While there are many potential hazards when working in oil and gas, confined spaces have their own unique safety considerations. It is critical that workers understand what these special considerations are, in what circumstances they become immediate dangers, and how and when safety precautions should be taken. Even those who never set foot on a rig or near a pipeline need to be aware of safety requirements, which can impact everything from budgets to marketing to data analysis.

What are confined spaces?

Confined spaces are spaces that have limited openings that are large enough for someone to enter, but that are not designed for continuous worker occupancy. Examples of confined spaces include storage tanks, pits, bins, silos, manholes, tunnels, ductwork, pipelines and excavated areas.

The potential hazards of confined spaces include:

  • Exposure to toxic or flammable gases or chemicals (due to limited ventilation)
  • Asphyxiation
  • High noise levels from crushing or grinding machinery
  • Extreme hot or cold temperature
  • Limited lighting and low visibility

What are permit spaces?

Permit-required confined spaces (or just permit spaces for short) are a subcategory of confined spaces that require extra precautions. Just as the name suggests, these spaces require special permits to enter, and continuous monitoring and testing before entering and during work.

Permit spaces are defined as confined spaces that also have serious added hazards such as

  • Hazardous atmosphere (includes flammable gasses, airborne dust, high or low oxygen levels, or high levels of other atmospheric contaminants)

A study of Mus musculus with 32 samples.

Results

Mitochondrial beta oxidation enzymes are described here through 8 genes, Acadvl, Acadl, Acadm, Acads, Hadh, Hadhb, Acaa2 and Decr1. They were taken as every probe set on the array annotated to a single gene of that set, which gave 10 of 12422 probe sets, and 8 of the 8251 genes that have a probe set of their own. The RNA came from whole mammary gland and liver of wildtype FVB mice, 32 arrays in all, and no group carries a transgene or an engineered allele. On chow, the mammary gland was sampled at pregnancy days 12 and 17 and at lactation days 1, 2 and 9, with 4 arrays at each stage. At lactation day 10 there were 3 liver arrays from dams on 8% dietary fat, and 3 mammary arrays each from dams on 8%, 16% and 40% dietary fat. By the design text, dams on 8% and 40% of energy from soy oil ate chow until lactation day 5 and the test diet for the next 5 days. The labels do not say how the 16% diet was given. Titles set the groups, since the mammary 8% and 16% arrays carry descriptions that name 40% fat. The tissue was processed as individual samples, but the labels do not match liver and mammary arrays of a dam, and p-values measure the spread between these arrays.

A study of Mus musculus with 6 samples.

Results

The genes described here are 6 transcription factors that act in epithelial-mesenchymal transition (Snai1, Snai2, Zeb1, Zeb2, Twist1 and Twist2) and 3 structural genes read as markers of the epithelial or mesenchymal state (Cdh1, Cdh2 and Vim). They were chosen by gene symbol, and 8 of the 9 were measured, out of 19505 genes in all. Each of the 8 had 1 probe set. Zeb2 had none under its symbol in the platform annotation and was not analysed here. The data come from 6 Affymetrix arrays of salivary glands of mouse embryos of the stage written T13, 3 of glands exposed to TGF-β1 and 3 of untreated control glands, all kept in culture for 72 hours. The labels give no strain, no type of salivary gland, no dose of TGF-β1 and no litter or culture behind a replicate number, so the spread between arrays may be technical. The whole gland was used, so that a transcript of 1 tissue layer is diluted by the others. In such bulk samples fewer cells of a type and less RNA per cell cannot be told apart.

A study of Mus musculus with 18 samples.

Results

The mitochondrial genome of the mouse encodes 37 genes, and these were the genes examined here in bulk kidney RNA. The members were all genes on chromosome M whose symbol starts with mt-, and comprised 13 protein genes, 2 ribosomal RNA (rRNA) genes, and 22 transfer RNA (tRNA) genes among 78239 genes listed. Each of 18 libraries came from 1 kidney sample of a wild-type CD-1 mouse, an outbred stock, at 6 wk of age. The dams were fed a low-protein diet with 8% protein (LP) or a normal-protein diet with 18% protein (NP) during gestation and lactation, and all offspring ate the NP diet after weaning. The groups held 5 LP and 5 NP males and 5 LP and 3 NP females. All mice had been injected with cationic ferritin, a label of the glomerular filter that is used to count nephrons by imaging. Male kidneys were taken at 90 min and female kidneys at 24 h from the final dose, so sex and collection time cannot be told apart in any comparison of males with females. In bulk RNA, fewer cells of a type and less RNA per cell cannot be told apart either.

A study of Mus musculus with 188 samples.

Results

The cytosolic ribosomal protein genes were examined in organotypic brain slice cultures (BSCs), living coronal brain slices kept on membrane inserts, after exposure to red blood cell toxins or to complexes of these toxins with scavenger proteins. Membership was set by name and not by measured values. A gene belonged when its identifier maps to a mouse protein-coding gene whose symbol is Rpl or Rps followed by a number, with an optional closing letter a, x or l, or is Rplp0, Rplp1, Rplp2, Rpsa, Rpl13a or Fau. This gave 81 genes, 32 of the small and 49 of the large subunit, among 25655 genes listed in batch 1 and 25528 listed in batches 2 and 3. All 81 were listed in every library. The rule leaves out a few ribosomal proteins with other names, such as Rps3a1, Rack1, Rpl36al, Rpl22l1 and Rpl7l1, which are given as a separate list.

• Fluid material capable of engulfing people
  • Converging walls
  • Downward sloping or tapering floors
  • Heat stress
  • Unguarded machinery
  • Exposed wires or electrical threats
  • Slick or wet surfaces
  • Falling objects
  • Any other recognized serious hazard

Safety precautions in confined spaces.

The type of safety precautions required will depend on the hazards present in a given confined space.

Required personal protective equipment that may be used in a confined space may include:

  • Mask
  • Air-supplying respirator
  • Eye protection
  • Gloves
  • Helmet
  • Protective clothing

What is the role of attendants in permit space safety?

Attendants are assigned to monitor the safety of the people entering a permit space and must be fully aware of the hazards inside. They must communicate with entrants and monitor environmental testing equipment from a safe location outside. An attendant’s job is to protect workers by performing non-entry rescues, summoning rescue services, tracking entrants and keeping other personnel out of the hazardous space. Employers are required to provide at least one attendant, and if the attendant is responsible for monitoring two confined spaces, the employer must also provide the means for emergency responses to both spaces.

What are the other responsibilities of employers when it comes to confined spaces?

If a worker’s job requires entry into confined spaces (whether permit-requiring or not), the employer is responsible for providing:

  • Proper training
  • Emergency action and rescue plans
  • Atmospheric testing equipment
  • Personal protective equipment
  • Respiratory protection
  • A fast, appropriate response to reported hazards

FirstHand can help workers and attendants report in real time.

For a better understanding of how FirstHand can protect you and your workforce, request a demo. Let’s create a safer place to work together.